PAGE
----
Those who supported the Stormont vote on Monday claim that criminalising sex buyers will reduce sex trafficking.
But this did not happen in Sweden where a similar law was passed in 1999. A Swedish police report says trafficking cannot be measured and Dr Jay Levy, who conducted fieldwork in Sweden, noted: “There is absolutely no empirical evidence that overall levels of sex work or trafficking have decreased following the introduction of the law in 1999; instead, sex work has simply been displaced off-street.”
Trafficking has been used as a smokescreen in a moral crusade to end prostitution. Justice Minister David Ford does not believe banning the purchase of sex will reduce trafficking. He believes prostitution and human trafficking should be dealt with separately and that criminalising buyers will endanger sex workers. Queen’s University research found 61 per cent of sex workers in Northern Ireland believe criminalising clients would make them less safe, a view also held by UNAIDS.
Northern Ireland escort ‘Kate’ told me that trafficking is “evil” but that Queen’s research shows most sex workers in Northern Ireland are there of their own free will.
“So surely they have the same rights as any other workers to support themselves, and members of their families,” she said. “It’s already difficult to go to the police and if clients are criminalised, it would be impossible.”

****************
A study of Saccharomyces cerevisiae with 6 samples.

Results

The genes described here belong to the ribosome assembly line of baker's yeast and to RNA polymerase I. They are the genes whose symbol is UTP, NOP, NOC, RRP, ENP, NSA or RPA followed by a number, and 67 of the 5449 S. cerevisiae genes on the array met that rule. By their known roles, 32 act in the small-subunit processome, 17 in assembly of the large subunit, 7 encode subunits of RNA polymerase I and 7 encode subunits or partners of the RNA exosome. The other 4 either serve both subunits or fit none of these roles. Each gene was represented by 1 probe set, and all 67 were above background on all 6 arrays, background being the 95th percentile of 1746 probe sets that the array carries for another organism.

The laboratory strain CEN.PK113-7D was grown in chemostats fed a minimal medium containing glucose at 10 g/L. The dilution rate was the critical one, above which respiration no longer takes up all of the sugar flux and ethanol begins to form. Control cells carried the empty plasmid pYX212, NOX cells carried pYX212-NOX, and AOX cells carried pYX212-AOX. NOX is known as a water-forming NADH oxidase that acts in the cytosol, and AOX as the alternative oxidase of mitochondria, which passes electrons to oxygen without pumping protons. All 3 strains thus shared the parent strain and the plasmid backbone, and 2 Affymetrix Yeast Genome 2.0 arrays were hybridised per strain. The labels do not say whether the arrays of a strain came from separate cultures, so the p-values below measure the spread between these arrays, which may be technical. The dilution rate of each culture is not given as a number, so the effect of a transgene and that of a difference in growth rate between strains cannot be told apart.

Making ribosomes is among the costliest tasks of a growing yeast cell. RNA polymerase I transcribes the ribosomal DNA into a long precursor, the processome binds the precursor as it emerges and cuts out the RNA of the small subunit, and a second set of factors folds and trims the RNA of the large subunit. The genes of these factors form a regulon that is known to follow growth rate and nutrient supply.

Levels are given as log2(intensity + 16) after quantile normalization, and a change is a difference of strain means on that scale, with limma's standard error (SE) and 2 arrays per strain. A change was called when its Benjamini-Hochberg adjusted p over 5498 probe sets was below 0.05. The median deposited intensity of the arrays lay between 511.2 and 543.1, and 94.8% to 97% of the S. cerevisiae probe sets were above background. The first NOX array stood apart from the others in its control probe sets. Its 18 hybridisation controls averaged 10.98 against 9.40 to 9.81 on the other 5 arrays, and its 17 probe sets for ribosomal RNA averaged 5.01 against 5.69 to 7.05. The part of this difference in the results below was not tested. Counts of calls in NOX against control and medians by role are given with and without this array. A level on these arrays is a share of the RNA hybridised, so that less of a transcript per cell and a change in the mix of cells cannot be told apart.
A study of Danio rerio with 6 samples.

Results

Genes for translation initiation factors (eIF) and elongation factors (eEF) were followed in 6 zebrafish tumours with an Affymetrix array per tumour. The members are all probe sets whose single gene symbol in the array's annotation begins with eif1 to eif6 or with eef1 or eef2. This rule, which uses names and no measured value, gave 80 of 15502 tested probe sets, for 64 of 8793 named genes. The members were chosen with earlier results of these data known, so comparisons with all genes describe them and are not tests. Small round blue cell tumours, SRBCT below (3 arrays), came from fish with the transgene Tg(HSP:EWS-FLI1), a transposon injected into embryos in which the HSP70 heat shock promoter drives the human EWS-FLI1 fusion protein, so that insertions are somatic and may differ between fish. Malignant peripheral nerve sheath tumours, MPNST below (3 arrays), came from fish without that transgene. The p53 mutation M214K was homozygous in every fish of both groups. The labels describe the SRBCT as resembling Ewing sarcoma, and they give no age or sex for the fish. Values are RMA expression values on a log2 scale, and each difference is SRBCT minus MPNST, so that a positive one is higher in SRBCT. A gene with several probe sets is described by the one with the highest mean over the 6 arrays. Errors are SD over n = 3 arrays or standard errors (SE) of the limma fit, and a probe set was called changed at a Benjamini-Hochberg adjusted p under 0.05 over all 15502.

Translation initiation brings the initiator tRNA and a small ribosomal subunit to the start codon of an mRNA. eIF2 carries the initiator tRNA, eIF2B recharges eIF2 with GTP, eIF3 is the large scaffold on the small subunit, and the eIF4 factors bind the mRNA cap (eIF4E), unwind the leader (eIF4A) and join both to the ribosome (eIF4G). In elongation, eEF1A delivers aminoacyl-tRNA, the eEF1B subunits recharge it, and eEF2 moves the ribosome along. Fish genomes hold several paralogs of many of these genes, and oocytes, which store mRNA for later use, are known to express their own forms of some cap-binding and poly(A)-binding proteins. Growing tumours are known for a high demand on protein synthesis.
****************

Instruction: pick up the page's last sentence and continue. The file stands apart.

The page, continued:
In 2011 the Department of Justice (DOJ) held a conference on prostitution – but not one of the 45 delegates was involved in prostitution.
The conference did not discuss the high rate of crimes against women in prostitution and the lack of reporting same to police.
Had increasing safety – not ideology – been their priority, perhaps the Merseyside hate crime model would have been passed at Stormont on Monday. By working with sex work projects in Merseyside, police have achieved the highest UK rates of convictions for crimes against sex workers – and the number of women involved in on-street prostitution has halved.
The DOJ conference also revealed a perceived risk around providing sex worker outreach, which is reflected by the lack of outreach and harm reduction services in Sweden.
“[Sex work] has been increasingly stigmatised, following through into discrimination from service providers, healthcare providers, and the police,” Dr Levy says. “The legislation has been hugely detrimental in terms of the health, safety, and wellbeing of sex workers.”
Likewise, supporters of Lord Morrow’s Bill eliminated the safety of the very women they claim are vulnerable from their agenda.
• Ruth Jacobs is a former sex worker who campaigns for sex worker safety.